By Rolf Norstrom, Great Plains Institute

Markets work well at efficiently allocating scarce resources in the short run, but are less effective at helping society reach longer-term goals such as affordable, reliable, sustainable, domestically-produced electricity and fuels.

What we're missing is a coherent policy framework that rewards the outcomes we want.

As it is, we pursue our energy future as a zero-sum game: wind versus solar, solar versus biomass — and all three versus coal, nuclear, oil, and to a lesser extent natural gas. Algae enthusiasts battle for parity with corn ethanol; supporters of battery-electric vehicles bash hydrogen fuel cell electric vehicles; those who favor distributed energy rage against transmission lines needed to bring renewable energy from where it is windy and sunny to where people need the power — and so it goes.

Yet, anyone who has looked at projected energy demand over the next 30 years, combined with the need to essentially eliminate CO2 emissions by mid-century, knows that we will need all of the above along with energy technologies that have yet to be invented to position our economy and nation to flourish long-term.

So, why do we continue with a piecemeal approach to energy policy when we know that won't cut it?

A recent David Brooks column has at least part of the answer: " ... classic research has suggested that the more people doubt their own beliefs the more, paradoxically, they are inclined to proselytize in favor of them. David Gal and Derek Rucker published a study in Psychological Science in which they presented some research subjects with evidence that undermined their core convictions. The subjects who were forced to confront the counterevidence went on to more forcefully advocate their original beliefs..." If this is truly our nature, it explains a lot about our political discourse on any number of topics — once people's positions have ossified in place they are really tough to change.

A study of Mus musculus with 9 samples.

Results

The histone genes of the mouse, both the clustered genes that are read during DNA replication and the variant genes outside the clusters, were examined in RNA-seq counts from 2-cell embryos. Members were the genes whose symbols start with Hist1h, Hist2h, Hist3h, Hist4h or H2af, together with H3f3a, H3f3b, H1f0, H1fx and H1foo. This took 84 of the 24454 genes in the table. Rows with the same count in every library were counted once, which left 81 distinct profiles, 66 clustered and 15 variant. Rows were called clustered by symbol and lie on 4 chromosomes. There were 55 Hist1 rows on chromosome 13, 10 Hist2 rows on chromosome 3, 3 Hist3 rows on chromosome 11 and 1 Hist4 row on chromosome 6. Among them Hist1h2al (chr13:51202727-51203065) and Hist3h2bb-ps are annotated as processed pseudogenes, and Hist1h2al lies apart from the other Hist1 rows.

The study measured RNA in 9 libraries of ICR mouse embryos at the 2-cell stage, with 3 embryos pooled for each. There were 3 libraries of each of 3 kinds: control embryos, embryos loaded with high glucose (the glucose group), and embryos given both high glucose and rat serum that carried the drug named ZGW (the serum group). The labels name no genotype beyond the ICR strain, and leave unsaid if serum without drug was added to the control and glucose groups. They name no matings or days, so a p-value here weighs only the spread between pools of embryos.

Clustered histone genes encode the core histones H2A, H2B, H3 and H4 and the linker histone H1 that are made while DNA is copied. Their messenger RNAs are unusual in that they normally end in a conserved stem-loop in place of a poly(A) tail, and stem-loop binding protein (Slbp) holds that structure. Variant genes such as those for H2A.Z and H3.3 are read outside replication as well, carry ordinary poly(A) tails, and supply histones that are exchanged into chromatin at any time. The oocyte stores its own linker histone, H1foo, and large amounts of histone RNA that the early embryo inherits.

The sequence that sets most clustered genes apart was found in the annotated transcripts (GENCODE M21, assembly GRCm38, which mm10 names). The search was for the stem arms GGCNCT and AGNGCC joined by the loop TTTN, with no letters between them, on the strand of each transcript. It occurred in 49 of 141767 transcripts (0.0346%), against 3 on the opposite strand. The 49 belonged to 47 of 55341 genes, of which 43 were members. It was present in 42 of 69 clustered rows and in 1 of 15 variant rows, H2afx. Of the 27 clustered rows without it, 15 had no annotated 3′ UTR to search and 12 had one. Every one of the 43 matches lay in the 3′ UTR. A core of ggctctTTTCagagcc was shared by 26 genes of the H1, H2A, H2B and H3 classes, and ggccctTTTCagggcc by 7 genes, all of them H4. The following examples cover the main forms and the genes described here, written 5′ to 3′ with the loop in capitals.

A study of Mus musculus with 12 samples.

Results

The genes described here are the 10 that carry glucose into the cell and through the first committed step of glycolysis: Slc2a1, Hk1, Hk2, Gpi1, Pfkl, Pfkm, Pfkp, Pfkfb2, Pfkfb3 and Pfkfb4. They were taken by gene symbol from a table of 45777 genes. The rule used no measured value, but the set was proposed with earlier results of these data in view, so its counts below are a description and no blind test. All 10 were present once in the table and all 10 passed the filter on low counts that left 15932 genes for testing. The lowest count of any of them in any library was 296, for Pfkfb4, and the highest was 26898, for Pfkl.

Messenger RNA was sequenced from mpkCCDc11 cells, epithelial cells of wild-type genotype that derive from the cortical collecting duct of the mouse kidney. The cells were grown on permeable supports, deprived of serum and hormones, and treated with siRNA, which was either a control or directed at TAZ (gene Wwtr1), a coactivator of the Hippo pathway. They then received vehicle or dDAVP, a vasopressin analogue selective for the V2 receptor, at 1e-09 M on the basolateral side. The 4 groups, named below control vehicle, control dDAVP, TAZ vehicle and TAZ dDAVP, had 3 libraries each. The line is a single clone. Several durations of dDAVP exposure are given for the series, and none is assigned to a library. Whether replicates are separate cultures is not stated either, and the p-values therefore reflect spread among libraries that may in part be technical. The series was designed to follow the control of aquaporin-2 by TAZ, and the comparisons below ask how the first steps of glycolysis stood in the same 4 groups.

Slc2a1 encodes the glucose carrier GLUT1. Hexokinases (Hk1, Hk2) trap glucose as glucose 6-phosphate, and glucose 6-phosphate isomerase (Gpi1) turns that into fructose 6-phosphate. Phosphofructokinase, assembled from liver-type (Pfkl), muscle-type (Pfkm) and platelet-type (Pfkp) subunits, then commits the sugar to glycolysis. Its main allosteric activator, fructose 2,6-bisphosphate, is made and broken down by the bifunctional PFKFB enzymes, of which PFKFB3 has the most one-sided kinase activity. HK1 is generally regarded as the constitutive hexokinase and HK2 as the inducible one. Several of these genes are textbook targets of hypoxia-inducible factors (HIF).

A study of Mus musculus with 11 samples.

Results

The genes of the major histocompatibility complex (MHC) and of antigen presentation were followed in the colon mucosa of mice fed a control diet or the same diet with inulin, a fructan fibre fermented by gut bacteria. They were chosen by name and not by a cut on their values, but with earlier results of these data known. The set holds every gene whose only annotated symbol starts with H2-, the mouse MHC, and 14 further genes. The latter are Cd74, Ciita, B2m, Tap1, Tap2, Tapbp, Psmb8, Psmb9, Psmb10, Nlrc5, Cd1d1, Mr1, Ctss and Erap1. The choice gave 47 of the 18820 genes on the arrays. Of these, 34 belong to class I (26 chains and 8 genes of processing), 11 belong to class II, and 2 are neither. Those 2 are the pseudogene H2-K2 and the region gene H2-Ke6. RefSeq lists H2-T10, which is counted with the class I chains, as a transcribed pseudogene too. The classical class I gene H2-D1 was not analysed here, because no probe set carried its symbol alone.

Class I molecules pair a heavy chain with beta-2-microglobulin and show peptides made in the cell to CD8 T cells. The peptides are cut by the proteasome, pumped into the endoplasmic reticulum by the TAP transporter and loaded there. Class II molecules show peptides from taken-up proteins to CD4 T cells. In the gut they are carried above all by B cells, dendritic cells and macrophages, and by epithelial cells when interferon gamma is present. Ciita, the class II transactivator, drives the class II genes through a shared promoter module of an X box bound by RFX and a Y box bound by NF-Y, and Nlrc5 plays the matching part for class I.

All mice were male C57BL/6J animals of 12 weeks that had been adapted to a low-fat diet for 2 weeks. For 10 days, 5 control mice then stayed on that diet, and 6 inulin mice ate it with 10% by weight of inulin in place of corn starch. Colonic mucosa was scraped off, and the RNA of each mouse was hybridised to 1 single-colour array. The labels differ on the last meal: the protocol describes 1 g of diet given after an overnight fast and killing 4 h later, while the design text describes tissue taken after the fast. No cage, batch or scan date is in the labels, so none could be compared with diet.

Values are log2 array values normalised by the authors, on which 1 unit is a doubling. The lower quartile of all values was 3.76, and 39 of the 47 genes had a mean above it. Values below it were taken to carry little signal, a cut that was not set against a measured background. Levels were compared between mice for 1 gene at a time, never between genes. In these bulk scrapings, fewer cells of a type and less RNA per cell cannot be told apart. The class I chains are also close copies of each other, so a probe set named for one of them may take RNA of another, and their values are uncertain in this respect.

Our individual tendency to believe what we already believe and to push for advantage for our own favorite energy technology(ies) suggests that we need a new approach to energy policy that builds on things nearly everyone can agree on. For example:


  • Saving money and creating jobs at home by adopting proven energy efficiency measures for everything from appliances and buildings to industrial facilities and whole communities;

  • Using more of the "wastes" we produce in society to produce useful energy here at home. This includes everything from using food waste, manure and crop residues to make biogas to using CO2 from ethanol plants for enhanced oil recovery at aging domestic oil fields;

  • Investing much more heavily in R&D that will make cleaner domestic energy cheaper than dirtier foreign energy.


Here is to a more peaceful and productive 2011!